Lowell City Council Wants Teeth in Bully Law
LOWELL -- Anna Aslanian wasn’t the first student to take her own life after getting bullied.
But she needs to be the last.
That was the message at Tuesday’s City Council meeting from Summer Graham, whose son was physically bullied 10 years ago as a 5th-grader.
Graham, speaking for the No Bully Zone Kidz anti-bullying program started by her son Shane, who is now 21, said Lowell needs to be a leader on this issue -- moments before city councilors supported a motion to address bullying in schools.
City Councilor Rita Mercier’s motion requested the Lowell Statehouse delegation revisit the state’s bullying policy to amend the section which does not allow bullying victims to learn how or if the bully was punished by the school.
The motion came in the wake of The Sun’s special report on Anna, the 16-year-old Lowell High School student who took her own life after getting relentlessly bullied in middle and high school.
Mercier stressed they need to give victims and their families a voice. Victims should know how the bully was punished for their bad deeds, she added.
Today, this information is confidential because of student privacy laws.
“I’m more concerned with the rights of victims,” Mercier said.
“We must send a message that those who prey on others will be held accountable,” she later added. “It’s time we send a message we won’t tolerate this anymore.”
Mercier also discussed how her daughter was bullied in school, and mentioned that she herself was once bullied.
She pointed to a recent report that the 2010 anti-bullying law is failing, and that few are being disciplined for bullying.
“It’s time to save our children,” Mercier said. “We need to come up with real ways to implement these policies.”
Graham, speaking for the anti-bullying group, said the 2010 legislation didn’t go far enough.
Many students who are bullied do not report it because they’re afraid of retaliation, she emphasized.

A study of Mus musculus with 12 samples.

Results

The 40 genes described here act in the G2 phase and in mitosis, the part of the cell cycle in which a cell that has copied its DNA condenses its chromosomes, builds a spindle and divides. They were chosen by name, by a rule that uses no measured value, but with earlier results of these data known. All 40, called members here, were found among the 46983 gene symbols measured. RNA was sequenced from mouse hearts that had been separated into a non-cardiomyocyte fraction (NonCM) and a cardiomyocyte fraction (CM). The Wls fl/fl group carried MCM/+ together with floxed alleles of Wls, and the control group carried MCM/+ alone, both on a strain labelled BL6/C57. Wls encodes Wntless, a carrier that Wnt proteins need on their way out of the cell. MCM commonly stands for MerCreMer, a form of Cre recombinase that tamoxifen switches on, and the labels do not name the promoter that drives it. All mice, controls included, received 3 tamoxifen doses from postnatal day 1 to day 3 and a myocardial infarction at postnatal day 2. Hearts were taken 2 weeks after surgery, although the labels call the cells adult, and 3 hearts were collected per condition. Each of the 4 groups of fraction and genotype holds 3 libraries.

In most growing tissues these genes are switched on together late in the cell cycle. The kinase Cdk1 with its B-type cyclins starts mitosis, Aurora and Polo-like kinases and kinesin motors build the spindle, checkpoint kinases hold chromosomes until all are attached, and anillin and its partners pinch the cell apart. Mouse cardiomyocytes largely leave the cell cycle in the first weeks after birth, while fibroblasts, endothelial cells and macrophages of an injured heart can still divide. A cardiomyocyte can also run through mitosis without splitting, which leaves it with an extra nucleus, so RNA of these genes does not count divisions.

“They need to feel like they’re safe and won’t get bullied again,” Graham said, adding that she supports Mercier’s motion.
City Councilor Vesna Nuon called it an important motion, saying schools in Lowell and across the state need to send a message to bullies -- that it’s not acceptable.
City Councilor Rodney Elliott added that bullies need to be held accountable.
“This (Anna’s death) should never happen again, where someone feels so hopeless and helpless,” Elliott said.
He highlighted the importance of training for teachers, and for them to stay vigilant.
City Councilor Karen Cirillo said it’s important for teachers to know how to handle bullying situations, and for them to follow through.
Lowell schools have a number of programs and training opportunities, said both Mayor Bill Samaras and City Councilor Dave Conway, who were Lowell High School headmaster and housemaster, respectively.
“Teachers talk to students constantly about bullying,” Conway said. “There’s signage all over the place talking about respect and not bullying.”
Conway also mentioned that it’s extremely difficult to combat cyberbullying.
He supported Mercier’s motion, and invited the anti-bullying group back to a future Youth Subcommittee meeting to hear more of their ideas on reducing bullying.
City Councilor Edward Kennedy, now a member of the Statehouse delegation as state senator, said it might be time to revisit the anti-bullying legislation.
He also said the city could have a subcommittee monitor how the schools are addressing bullying, and make recommendations to strengthen policies.
“It might be something we can do locally without waiting for Statehouse legislation,” Kennedy said.
The mayor had recently mentioned wanting to create a task force to address bullying in schools. That commission would come up with recommendations for the school system, he reiterated Tuesday evening in response to Kennedy’s subcommittee idea.
Samaras said he expects to create the task force soon.
Follow Rick Sobey on Twitter @rsobeyLSun.